Sources & Images
Source Name Image(s)
CollectionPierpont Morgan Library: Henry Knox Papers view image
Document Information
Date May 5, 1790
Author Name Jonathan Williams (primary) Location: London
Recipient Name Henry Knox (primary) Location: War Office, New York
Summary Letter, describes Spanish aggression towards England on American coast; mentions neutral state; discusses trade competition.
Document Format Autograph Letter Signed
Document Notes [not available]
Content Notes [not available]
Related Persons/Groups Henry Knox; Jonathan Williams; Williams; ;
Related Places War Office, New York; London; Philadelphia; South America; Mediterreanean; Gibraltar; France; Portsmouth; Spain; North East coast of America; England; United States; ;
Keywords fortunate aid to so desirable an object; forbear to make observations; intention by this letter is to give you the earliest account of the fact; sincere & affectionate respect; engineer immediately embarked; no war ought to be a desirable circumstance; sentiments of humanity apart; no war can be more pleasing to us than the present one; our neutral flag must become the immediate resource of both parties; our produce must meet with two markets in direct competition with each other; flame of liberty reach to South America; small fleet has already sailed from Portsmouth on special service; Spanish Court assert a direct claim to the exclusive rights of sovereignty navigation and commerce in the territories coasts and seas in that part of the world; message proceeds to state that a renunciation of these supposed rights have been demanded & will be insisted on & concludes with asking the aid of parliament in support of the dignity and interest of the Crown & people; answer to the message will be full & satisfactory; war if entered into will probably be a popular one; general opinion seems to be that Spain will not persist to expose herself to so enequal a match now that she can place no dependance on the aid of France which at present stands unbound by the family compact; Spanish Court in answer to application for satisfaction had indeed liberated the vessel; they had done so only on the supposition that the circumstance happened through ignorance of the rights of Spain; this country was yesterday suddenly surprised by a hot press, which like an explosion caught between 3 & 4,000 seamen and today we find the cause in a message sent by the King to the House of commons; message states that two British vessels that were trading along the north east coast of America have been seized by two Spanish ships of war & the prisoners sent ot a Spanish port; although the Wars of England are now out of your department yet early information on such a subject will doubtless be pleasing to you; Secretary of the United States for the War Department; ;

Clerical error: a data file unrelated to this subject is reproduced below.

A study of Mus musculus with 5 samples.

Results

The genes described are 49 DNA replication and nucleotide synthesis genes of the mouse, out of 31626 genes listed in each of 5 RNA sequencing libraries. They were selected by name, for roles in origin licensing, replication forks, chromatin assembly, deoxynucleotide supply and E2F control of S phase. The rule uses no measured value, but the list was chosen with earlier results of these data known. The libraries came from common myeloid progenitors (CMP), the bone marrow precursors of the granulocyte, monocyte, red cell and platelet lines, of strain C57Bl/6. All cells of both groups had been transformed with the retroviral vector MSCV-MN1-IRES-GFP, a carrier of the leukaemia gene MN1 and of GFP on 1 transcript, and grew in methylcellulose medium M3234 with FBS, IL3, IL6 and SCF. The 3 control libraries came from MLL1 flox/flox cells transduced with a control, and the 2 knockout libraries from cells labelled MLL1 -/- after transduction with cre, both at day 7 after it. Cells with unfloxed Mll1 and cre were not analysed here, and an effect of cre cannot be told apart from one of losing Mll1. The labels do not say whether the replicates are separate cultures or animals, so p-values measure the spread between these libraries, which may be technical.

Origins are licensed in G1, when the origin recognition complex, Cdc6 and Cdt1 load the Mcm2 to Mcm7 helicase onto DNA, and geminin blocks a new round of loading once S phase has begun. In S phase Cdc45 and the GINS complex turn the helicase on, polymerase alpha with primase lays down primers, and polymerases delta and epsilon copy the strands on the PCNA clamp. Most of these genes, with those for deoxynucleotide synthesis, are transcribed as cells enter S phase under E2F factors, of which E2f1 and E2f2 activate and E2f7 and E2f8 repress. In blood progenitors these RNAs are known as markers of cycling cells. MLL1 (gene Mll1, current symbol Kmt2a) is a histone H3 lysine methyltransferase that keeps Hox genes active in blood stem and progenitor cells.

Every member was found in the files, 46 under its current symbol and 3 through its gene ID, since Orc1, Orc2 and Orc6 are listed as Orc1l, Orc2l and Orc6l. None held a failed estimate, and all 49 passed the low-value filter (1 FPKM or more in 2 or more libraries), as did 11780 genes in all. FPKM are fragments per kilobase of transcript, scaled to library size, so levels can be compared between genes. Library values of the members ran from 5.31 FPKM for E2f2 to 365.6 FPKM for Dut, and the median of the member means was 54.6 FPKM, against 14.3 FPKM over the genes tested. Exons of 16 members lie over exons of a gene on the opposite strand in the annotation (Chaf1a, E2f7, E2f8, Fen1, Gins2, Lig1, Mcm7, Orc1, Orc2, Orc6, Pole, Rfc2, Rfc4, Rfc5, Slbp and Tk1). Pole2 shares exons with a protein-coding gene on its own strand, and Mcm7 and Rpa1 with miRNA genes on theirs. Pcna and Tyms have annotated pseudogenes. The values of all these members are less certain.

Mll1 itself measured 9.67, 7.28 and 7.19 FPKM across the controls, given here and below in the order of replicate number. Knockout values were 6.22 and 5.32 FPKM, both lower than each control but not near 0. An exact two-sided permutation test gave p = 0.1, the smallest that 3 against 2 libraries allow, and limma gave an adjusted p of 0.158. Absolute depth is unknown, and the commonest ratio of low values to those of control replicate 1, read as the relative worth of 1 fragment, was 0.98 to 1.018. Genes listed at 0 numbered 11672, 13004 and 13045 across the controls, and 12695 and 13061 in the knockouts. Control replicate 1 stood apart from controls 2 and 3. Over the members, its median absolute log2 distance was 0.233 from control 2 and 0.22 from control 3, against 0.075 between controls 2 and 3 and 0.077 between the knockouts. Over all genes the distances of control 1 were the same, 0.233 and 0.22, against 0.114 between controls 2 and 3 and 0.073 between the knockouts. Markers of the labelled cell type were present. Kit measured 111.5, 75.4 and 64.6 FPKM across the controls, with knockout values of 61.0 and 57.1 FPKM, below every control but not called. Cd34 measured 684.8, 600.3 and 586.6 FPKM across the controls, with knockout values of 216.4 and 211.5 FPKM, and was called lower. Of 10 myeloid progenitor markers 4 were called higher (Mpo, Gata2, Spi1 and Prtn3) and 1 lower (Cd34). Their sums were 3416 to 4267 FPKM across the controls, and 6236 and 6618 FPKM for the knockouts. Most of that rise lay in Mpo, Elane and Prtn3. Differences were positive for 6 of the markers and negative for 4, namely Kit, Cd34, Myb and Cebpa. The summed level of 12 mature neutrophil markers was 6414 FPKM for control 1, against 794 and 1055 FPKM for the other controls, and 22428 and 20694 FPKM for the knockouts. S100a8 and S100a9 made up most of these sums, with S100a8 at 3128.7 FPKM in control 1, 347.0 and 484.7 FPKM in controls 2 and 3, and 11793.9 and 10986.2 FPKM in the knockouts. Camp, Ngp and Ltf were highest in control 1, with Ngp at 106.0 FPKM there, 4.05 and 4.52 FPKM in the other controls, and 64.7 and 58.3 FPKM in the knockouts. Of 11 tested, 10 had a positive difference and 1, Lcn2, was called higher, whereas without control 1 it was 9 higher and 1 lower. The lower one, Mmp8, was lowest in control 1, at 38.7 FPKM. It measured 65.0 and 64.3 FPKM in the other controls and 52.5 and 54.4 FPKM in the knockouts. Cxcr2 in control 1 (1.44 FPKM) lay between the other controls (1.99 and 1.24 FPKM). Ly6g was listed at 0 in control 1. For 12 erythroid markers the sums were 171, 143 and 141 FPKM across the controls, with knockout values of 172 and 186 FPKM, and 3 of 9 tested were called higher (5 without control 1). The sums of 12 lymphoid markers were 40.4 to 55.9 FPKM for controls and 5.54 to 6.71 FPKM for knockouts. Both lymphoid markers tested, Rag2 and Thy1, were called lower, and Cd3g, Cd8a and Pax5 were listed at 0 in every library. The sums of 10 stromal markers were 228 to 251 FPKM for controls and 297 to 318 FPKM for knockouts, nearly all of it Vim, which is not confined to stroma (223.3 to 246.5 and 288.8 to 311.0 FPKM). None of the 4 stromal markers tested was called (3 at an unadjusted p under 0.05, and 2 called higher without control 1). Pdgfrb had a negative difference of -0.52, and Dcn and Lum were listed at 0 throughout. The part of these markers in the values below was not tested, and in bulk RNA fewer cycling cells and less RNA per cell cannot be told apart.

Key Phrases [not available]
Transcription

General Knox
Secretary of the United States for the War
Department
War Office
New York
[1 packet.?]
Dear General
Jon Williams
London May 5 1790
Although the Wars of England are now out of your department yet early information on such a subject will doubtless be pleasing to you. This Country was yesterday suddenly surprised by a hot press, which like an explosion swept between 3 & 4000 Seaman, and to day we find the cause in a Message sent by the King to the House of Commons.
The Message states that two brittish Vessels that were trading along the northwest coast of America have been seized by two Spanish Ships of War & the prisoners sent to a Spanish post. That the Spanish Court in answer to application For Satisfaction had indeed liberated the vessel & crew, but that they had done so only on a Supposition that the circumstance happened through ignorance of
of the rights of Spain and it is added that the Spanish Court "assert a direct claim to the exclusive rights of sovereignty navigation and commerce in the territories coasts and seas in that part of the world." The Message proceeds to state that a renunciation of these supposed rights have been demanded & will be insisted on & concludes with asking the aid of parliament in support of the dignity and interest of the Crown & People.
There is no doubt but the answer to the message will be full & satisfactory, and the War if entered into will probably be a popular one; but the general opinion seems to be that Spain will not persist to expose herself to so unequal a match, now that She can place no dependance on the aid of France, which at present stands unbound by the family compact.
A small fleet has already sailed from Portsmouth on Special Service, probably to the Mediterranean, and the commanding
engines immediately embarked for Gibralter.
To us in America no War ought to be a desirable circumstance, but the sentiments of humanity apart, I suppose no War could be more pleasing to us than the present one; For our neutral flag must become the immediate resource of both parties, and our produce must meet with two markets in direct competition with each other. Should the flame of Liberty reach to South America I should think this war a fortunate aid to so desirable an object. But I forbear to make observations, my intention by this letter is to give you the earliest account of the Fact.
I am with the most Sincere &c affectionate Respect, My dear Sir Your obedt Servant
Jonn Williams J
PS. I hope to embark with Mrs. Williams in about a month for Philadelphia.